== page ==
Japan's Foreign Minister Yoshimasa Hayashi has pitched for improvement in the investment environment for Japanese firms operating in India with many of them seeking a more predictable, transparent and stable business climate in the country.
A Japanese readout said Hayashi requested External Affairs Minister S Jaishankar for cooperation on improving the investment environment and for the early establishment of a joint crediting mechanism, during their talks on Thursday.
Separately, deputy press secretary in Japan's foreign ministry Yukiko Okano said Hayashi met over lunch on Friday representatives of Japan Chamber of Commerce and Industry in India (JCCII) and officials of several Japanese companies operating in the country, and they apprised him about the issues.
The Japanese foreign minister began his two-day visit to India on Thursday.
"The view from the Japanese businesspeople here is that they would like to see a more predictable, transparent and stable business environment in India, including implementing the legislation and tax issues," Okano told reporters.
She said issues such as infrastructure challenges have been raised in the past.
"These are the requests from the Japanese companies. I understand that the Japanese Chamber of Commerce in India has been in touch with relevant authorities of the Indian government and with the Japanese embassy," Okano said.
At the same time, Okano said the Japanese business community sees a growing opportunity in operating in India for investment and trade. "So, they would like to see a more stable investment climate and business environment put in place in India," she added.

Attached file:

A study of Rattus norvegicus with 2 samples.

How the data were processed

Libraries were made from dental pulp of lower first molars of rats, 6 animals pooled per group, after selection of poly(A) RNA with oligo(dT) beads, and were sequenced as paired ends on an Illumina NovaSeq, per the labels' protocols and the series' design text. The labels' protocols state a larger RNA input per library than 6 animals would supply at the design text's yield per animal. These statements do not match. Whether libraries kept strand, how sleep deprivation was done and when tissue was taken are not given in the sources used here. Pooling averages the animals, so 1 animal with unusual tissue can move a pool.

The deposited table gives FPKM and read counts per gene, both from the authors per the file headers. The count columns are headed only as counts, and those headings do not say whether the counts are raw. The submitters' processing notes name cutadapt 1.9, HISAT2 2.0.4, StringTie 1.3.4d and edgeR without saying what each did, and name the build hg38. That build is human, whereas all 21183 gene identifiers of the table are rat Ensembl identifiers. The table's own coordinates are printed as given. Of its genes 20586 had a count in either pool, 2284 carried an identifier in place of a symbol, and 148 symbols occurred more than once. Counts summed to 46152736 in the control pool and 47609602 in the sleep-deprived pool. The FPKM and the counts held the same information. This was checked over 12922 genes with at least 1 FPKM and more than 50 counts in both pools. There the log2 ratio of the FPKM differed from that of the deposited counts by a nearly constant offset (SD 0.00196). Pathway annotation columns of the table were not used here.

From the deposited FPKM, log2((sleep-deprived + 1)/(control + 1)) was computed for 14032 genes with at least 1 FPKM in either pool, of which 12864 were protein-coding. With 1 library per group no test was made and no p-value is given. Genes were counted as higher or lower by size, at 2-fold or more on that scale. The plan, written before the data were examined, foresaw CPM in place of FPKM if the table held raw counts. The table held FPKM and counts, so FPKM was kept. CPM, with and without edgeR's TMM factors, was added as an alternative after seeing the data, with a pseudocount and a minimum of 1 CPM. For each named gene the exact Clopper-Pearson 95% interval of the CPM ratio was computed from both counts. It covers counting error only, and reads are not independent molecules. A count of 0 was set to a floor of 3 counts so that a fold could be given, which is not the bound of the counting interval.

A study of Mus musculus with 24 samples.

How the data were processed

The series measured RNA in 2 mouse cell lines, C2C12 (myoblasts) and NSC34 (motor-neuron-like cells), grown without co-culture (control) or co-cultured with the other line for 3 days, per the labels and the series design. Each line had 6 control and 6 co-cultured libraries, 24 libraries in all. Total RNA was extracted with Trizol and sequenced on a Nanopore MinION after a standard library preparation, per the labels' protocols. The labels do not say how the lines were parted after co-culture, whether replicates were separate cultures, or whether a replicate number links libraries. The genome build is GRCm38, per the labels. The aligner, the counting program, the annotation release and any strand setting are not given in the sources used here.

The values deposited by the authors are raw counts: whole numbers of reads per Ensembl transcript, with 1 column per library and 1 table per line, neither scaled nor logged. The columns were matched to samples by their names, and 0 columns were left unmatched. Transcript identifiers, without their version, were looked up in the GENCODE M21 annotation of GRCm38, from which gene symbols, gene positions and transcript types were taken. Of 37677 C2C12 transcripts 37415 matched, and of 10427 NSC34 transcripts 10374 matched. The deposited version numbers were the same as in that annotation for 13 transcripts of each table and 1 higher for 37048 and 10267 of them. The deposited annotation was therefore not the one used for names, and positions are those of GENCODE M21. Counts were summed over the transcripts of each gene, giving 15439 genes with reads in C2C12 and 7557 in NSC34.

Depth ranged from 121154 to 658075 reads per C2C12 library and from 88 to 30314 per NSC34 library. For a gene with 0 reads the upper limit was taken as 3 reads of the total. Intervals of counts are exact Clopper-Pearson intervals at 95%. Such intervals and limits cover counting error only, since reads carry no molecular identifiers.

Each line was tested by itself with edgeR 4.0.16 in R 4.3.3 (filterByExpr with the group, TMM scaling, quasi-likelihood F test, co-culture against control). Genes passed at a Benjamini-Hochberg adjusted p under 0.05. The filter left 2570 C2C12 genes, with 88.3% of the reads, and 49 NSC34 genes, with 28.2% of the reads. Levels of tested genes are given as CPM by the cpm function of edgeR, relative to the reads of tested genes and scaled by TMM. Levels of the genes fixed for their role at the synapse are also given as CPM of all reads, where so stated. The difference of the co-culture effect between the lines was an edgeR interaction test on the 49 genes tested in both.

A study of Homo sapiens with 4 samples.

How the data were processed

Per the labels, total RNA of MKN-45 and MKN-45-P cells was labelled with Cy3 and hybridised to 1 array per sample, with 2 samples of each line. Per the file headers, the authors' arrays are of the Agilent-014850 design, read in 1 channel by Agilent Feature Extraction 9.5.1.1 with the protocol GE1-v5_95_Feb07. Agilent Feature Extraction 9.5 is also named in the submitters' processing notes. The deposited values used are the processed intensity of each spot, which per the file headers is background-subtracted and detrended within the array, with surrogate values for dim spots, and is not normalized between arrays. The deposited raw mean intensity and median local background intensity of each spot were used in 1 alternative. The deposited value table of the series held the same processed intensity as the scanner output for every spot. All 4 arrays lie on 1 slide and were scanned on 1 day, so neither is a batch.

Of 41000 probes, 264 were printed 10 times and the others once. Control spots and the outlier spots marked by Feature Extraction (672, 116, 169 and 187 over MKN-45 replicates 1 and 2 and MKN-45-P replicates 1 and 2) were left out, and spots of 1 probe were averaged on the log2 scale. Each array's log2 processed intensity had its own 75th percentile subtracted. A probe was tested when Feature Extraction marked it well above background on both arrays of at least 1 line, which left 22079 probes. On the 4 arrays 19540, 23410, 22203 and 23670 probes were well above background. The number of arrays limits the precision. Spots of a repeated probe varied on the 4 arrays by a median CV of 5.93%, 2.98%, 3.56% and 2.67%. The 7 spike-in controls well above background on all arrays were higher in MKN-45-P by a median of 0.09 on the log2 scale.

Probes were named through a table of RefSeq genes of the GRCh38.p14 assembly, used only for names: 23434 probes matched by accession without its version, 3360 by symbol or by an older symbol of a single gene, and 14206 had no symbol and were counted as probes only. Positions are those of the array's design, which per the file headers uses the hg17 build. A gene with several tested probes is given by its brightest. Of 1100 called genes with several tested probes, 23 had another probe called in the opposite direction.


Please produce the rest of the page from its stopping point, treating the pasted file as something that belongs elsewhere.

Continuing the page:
The number of Japanese companies registered in India was 1439 as of June, 2022. Japanese outward FDI to India in 2020-21 and 2021-22 stood at USD 1.95 billion and USD 1.49 billion respectively, according to official data.
Cumulatively, from 2000 until June 2022, Japanese investments to India have been around USD 37.79 billion.
The readout issued by the Japanese foreign ministry said Jaishankar and Hayashi concurred that the Japanese and Indian public and private sectors would work together toward the target of 5 trillion yen in public-private investment and loans to India over the next five years.
This goal was set by both countries during Prime Minister Fumio Kishida's visit to India in March of last year.
"Furthermore, Minister Hayashi requested cooperation to improve the investment environment and for the early establishment of a Joint Crediting Mechanism (JCM)," the readout said.
On defence cooperation, Okano said the relationship has been progressing steadily.
The official referred to both sides agreeing on transfer of defence equipment technologies in 2015 and the firming up of the Acquisition and Cross-Servicing Agreement (ACSG) over two years back.
"Under these agreements we have been steadily progressing defence cooperation," she said.
The ACSG provides for creation of an enabling framework for closer cooperation and interoperability, besides allowing militaries of the two countries to use each other's bases and facilities for repair and replenishment of supplies.
To a question, Okano said there are some domestic restrictions on transfer of defence equipment and technologies, and they can be done only under certain conditions.
"We are now reviewing and revising that policy...Once that is done, there may be some other opportunities for cooperation," she said.
The readout said the two ministers affirmed that they would continue to work together for the success of the G20 New Delhi Summit in September.
"They also affirmed cooperation in the international arena, such as in the Quad countries and Security Council reform," it said.
On Friday, Hayashi also took a ride on Delhi Metro which is a signature project involving Japanese funding.